Broadgate: Market News 11/7
11 July 2012
Stocks slipped in light trading on Monday, weighed down by weak economic data from Asia and signs of economic trouble in Europe, underscored by higher Spanish and Italian bond yields.
Monday’s decline, the third in a row for the S&P 500 index, comes as quarterly earnings reports get under way. Investors are anxious to see what impact weak demand in Europe and slowing growth in Asia have had on corporate America.
“We think 2Q earnings for the S&P 500 will be OK this quarter … we’re calling for a small 2 percent beat. That said, we expect the tone of earnings season to be quite negative,” said Jonathan Golub, chief strategist at UBS in New York.
Stocks pared losses late in the session, leaving indexes with just slight losses.
Alcoa Inc’s stock fluctuated throughout the day, ending up 0.3 percent at $8.76 in the regular session. Alcoa’s shares rose 2 percent in extended trading after the largest U.S. aluminum company and Dow component released its results, marking the start of the earnings season.
Alcoa posted a second-quarter loss but results, excluding items, beat Wall Street estimates.
Corporate outlooks are at their most negative in nearly four years, and companies that have already reported have shown lackluster growth. Nearly two dozen S&P firms have already cited Europe’s woes – which seem to be worsening – as a concern.
While a majority of corporations may beat lowered analyst expectations, investors will be focused on how well companies are handling weakness overseas.
Based on “where we are today, we may see muted to a slightly downward reaction to earnings,” said Natalie Trunow, chief investment officer of equities at Calvert Investment Management in Bethesda, Maryland, whose firm manages about $13 billion in assets.
The Dow Jones industrial average ended down 36.18 points, or 0.28 percent, at 12,736.29. The Standard & Poor’s 500 Index was down 2.22 points, or 0.16 percent, at 1,352.46. The Nasdaq Composite Index was down 5.56 points, or 0.19 percent, at 2,931.77.
Volume was among the lightest of the year. About 5.1 billion shares changed hands on the New York Stock Exchange, the Nasdaq and Amex, compared with the year-to-date daily average of 6.85 billion shares.
Italian borrowing costs continued to rise on Monday while Spanish 10-year yields rose above 7 percent. That level is seen as unsustainable in the longer-term and reflecting doubts over how measures agreed last month to stem the euro zone debt crisis will be implemented.
In economic news, machinery orders in Japan fell at a record pace in May, while inflation in China eased to a 29-month low, suggesting falling demand from Europe and the United States for exports.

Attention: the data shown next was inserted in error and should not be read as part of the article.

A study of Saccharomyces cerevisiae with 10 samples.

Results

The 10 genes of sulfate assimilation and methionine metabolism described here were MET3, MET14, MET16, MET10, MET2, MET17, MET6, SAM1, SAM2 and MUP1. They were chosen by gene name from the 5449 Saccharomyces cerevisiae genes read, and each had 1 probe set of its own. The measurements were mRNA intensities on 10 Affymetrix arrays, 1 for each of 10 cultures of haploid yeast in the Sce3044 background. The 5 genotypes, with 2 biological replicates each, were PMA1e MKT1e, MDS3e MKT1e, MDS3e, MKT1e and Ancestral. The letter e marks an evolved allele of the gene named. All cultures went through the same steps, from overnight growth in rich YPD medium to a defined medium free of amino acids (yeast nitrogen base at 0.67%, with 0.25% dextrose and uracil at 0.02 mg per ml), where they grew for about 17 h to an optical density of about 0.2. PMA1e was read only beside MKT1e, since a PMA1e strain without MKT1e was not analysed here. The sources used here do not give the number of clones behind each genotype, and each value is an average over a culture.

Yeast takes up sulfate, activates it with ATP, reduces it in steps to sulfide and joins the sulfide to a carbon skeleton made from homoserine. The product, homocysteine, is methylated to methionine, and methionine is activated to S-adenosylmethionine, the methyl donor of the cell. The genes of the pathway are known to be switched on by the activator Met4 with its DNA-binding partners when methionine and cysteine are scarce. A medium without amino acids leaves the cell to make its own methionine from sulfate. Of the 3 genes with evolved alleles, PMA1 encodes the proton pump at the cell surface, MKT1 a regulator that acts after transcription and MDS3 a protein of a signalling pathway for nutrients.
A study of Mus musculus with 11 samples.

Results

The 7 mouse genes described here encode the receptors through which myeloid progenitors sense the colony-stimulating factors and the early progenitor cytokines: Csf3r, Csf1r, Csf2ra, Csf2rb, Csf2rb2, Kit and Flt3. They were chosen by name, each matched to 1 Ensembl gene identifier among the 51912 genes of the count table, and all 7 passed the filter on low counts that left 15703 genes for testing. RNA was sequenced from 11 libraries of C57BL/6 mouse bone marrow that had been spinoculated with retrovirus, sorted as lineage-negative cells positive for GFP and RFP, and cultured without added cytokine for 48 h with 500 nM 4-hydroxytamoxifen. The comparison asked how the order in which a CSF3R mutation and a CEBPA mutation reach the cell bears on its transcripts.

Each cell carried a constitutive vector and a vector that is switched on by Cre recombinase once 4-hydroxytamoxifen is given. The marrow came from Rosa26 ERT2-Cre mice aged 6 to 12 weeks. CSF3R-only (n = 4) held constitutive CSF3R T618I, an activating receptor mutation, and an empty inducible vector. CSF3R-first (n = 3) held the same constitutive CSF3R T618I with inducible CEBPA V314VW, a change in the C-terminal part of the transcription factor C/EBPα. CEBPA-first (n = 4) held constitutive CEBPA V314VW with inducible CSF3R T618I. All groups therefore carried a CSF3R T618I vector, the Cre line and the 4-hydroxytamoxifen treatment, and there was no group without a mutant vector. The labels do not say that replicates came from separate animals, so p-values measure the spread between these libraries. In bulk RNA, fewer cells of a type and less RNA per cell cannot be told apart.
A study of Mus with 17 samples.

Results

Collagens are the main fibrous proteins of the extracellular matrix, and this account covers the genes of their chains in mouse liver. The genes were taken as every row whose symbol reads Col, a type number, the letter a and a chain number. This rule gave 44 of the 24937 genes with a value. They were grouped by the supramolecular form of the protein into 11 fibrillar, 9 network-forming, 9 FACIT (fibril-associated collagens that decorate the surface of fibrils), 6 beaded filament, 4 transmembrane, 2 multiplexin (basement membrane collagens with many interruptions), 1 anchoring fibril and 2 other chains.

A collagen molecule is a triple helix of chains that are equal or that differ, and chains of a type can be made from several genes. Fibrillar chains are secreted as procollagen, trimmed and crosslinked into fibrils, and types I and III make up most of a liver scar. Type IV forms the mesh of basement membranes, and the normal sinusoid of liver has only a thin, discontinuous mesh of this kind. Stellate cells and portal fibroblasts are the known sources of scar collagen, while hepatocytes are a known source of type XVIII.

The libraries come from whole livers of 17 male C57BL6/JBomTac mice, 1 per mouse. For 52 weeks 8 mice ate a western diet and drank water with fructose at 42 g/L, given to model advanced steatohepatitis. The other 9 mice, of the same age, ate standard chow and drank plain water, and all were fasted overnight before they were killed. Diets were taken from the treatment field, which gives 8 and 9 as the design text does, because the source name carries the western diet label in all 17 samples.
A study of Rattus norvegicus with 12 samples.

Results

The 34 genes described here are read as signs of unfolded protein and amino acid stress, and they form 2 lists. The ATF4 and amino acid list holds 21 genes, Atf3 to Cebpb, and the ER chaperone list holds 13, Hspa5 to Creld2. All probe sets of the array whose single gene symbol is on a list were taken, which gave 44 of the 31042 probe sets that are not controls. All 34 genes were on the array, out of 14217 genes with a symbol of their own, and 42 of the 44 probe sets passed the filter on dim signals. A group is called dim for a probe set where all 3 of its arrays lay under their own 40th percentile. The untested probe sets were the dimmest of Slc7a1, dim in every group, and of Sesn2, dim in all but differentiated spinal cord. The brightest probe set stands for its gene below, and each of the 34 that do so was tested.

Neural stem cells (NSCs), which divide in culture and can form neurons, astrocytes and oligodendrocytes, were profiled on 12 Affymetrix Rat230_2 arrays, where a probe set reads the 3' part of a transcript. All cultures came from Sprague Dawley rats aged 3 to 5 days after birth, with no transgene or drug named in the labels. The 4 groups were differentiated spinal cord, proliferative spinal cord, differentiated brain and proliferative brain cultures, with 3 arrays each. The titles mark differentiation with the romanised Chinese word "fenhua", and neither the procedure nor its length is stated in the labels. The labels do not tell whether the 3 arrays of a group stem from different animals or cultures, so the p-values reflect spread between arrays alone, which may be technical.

The overseas data comes on the heels of Friday’s disappointing U.S. jobs report, which showed non-farm payrolls grew by only 80,000 in June.
From a technical standpoint, the S&P 500 remains about 10 points above the 1,342 support level and the 50-day moving average at 1,340, said Randy Frederick, managing director of active trading & derivatives at Charles Schwab.
Among the day’s decliners, Visa Inc shares fell 1.3 percent to $123.65 and MasterCard Inc shares lost 2.3 percent to $431.27. UBS Investment Research downgraded the payment processors to sell, citing slower consumer spending in the United States and sluggish global economic growth.
On a positive note, Amerigroup Corp jumped 38 percent to $88.80 after the company agreed to be acquired by rival WellPoint Inc for about $4.46 billon. WellPoint shares advanced 3.4 percent to $61.95. Health insurer Wellcare Health Plans Inc surged 18.4 percent to $62.56 and the Morgan Stanley healthcare payor index climbed 10.1 percent.
Chipmaker Advanced Micro Devices’ shares dropped 11 percent to $5 after it warned that its revenue would decrease about 11 percent in the second quarter compared with the previous quarter due to softer-than-expected sales in China and Europe and weak consumer spending.
Brent crude fell below $99 a barrel on Tuesday over concerns about demand growth after Chinese crude imports weakened in June, while worries of supply disruptions eased after a halt in the labor strike at Norway’s oil industry.
Brent had slipped more than $2 a barrel to hit a low of $98.22 after jumping 2 percent to settle above $100 on Monday on fears the Norway strike would totally shut production at the world’s eighth largest crude exporter.
By 11.48 p.m. EDT on Monday, Brent was down $1.98 to $98.34 and U.S. crude fell $1.29 at $84.70 a barrel.
Gold was little changed on Tuesday, retaining gains from the previous session, while investors waited for China trade data for clues on the health of the world’s second-biggest economy.
Spot gold traded nearly flat at $1,586.19 an ounce by 0041 GMT, after snapping two days of losses in the previous session.
U.S. gold edged down 0.2 percent to $1,586.30.
The euro fell and hovered near a two-year low on Tuesday after a meeting of euro zone finance ministers offered no positive surprises, while the Australian dollar sagged after disappointing Chinese import data.
The euro dipped 0.2 percent from late U.S. trade to $1.2287 , edging back in the direction of a two-year low of $1.2225 hit the previous day on trading platform EBS.
The euro fell 0.3 percent against the yen to 97.70 yen , not far from a one-month low of 97.48 yen that had been hit on Monday.
The Aussie dollar was last down 0.3 percent on the day at $1.0174.
The U.S. dollar dipped 0.1 percent against the yen to 79.50 yen, holding within a roughly 79.08 yen to 80.10 yen range seen since late June.